Why It's Good to Break Rules Frequently

For the parents/teachers who are reading this you might be silently groaning in your head and thinking "Sandy! What. Are. You. Doing. Now?!" And for the young people reading this -- don't get too excited because this is not a green light to go on a wild lawless escapade!

Every human being is limited by what his or her body will allow us to do. We have yet to spread our wings and fly, we cannot breathe through gills, and have no internal water-storage system to last us months in a desert. But despite the limitations bound within our flesh and organs, we have clearly found ways to adapt through years of technology and science. This adaption is what I mean when I encourage "rule breaking." It might not be a written rule set in stone that states: "No human being may traverse the galaxies" but for quite sometime this was the assumed boundary we set on ourselves. Then there were many uber geniuses who crunched numbers and built gadgets, and that boundary was soon smashed to smithereens!

So what about for people with more physical limitations than the 'average' human being? Within the population of those with O.I. we have clearly seen the benefits of science and technology, and how for many young children the 'old rules' of O.I. have long since broken. There are kids who will be taller than 3ft, kids who were once never expected to walk are now running, there are children playing baseball and hundreds of other sports! As I had written in a previous entry, the benefits of discovery have been tremendous and as an 'older generation' O.I. I am of course jealous.
(Just because we have a disability doesn't mean we should accept a life of complacency, abiding my social assumptions, or even the expectations we have of our own bodies. If you ask me those are all the ingredients to a very, very, very dull life).
But it's important for us to keep in mind that what led to that first discovery was someone who dared to break the rules. Someone somewhere thought: it should be possible for someone with O.I. to have near-average height. It should be possible for a child with O.I. to run without use of a walker or crutches. It should be possible for someone with O.I. to participate in sports, and to have more durable bones. Someone came up with the idea to break those initial assumptions. Someone asked themselves and their colleagues "Well what if we did this..."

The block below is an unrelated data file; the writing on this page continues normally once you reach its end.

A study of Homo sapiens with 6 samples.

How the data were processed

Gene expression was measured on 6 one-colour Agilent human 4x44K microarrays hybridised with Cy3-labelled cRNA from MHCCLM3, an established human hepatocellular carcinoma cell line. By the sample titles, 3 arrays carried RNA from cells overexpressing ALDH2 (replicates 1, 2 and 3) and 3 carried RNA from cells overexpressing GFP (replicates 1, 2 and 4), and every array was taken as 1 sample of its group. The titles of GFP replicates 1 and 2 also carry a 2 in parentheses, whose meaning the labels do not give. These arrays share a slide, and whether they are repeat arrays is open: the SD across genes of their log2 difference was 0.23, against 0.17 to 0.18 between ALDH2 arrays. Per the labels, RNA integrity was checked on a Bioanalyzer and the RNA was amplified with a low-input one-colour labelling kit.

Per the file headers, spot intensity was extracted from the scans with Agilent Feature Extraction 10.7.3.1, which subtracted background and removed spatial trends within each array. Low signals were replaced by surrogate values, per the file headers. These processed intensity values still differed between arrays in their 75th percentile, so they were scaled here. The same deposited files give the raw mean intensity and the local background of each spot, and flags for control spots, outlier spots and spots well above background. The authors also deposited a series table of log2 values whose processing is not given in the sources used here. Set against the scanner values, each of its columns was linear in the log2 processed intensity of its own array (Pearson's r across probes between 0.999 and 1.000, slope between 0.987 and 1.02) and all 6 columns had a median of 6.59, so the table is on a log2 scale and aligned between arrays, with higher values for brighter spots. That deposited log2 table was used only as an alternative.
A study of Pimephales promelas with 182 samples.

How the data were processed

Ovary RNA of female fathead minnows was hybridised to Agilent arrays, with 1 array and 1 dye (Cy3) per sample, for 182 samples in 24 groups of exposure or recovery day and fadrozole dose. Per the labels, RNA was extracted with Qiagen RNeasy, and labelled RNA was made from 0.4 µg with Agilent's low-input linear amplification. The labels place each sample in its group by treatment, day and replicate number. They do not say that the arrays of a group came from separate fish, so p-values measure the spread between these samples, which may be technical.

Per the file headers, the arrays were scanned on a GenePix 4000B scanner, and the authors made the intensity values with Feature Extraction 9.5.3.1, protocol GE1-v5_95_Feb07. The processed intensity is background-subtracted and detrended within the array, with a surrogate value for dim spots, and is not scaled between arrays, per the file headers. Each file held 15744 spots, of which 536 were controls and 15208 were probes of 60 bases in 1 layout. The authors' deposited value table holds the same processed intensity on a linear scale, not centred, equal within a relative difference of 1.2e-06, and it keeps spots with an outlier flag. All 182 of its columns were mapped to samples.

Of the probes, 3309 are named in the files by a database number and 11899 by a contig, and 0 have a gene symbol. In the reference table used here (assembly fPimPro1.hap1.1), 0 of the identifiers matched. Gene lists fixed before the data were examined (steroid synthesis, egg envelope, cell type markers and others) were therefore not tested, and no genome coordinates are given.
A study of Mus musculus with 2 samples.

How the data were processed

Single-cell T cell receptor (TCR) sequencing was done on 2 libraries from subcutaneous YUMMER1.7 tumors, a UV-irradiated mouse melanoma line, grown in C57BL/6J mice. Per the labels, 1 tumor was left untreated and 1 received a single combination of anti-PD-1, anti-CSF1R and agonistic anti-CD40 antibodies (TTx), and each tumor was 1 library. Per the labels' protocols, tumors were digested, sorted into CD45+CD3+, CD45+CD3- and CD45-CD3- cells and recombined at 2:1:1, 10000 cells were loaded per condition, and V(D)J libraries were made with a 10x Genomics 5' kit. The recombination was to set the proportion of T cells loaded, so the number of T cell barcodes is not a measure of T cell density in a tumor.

One afternoon in the seventh grade I asked myself that very question while sitting after school in detention. Who knows what I had done this time around, but there I was sitting silently in the classroom... pretending to reflect "very seriously about your behavior." As you might believe sitting silently - and very still - should be something that comes easily for someone with brittle bones, but as life would have it that's one of the most difficult things for me to do! OF COURSE I had no intention of sitting in that classroom for 30 min, never mind "very still and silently." I wanted out and I began thinking of ways for me to get out of detention.
From the corner of my eye I saw my friend A begin to slowly slide down in his seat to the point where he was basically sitting on the floor. The teacher was busy working with another student, some nerdy and diligent 7th grader who came after school for more help understanding molecules. Suffice to say the teacher was not paying attention to the delinquents he was supposed to watching in detention. Within a minute A had crawled to the side of my wheelchair and whispered "ask to go to the bathroom..." Immediately the plan began to take shape, I understood what was going on!
I raised my hand and asked to go to the bathroom, the teacher waved me off so that he could get back to explaining the process of photosynthesis to that diligent 7th grader. I rolled out of the classroom and my friend A crawled next to me, my wheelchair hiding him as we went past the front of the class. Once we were out of the class we fled to the sixth grade wing and went to go visit our teachers from last year... we were free to have a grand ol' time that afternoon, and no one ever was the wiser to our antics.

Okay, so maybe that's not exactly the greatest - most moral - example of 'forward thinking rule breaking' I could have offered from my life. But hey, it was a fun story am I right?

Don't be afraid to break rules because sometimes it's the only way we will ever get anything done. Out of conflict comes not just resolutions but progress.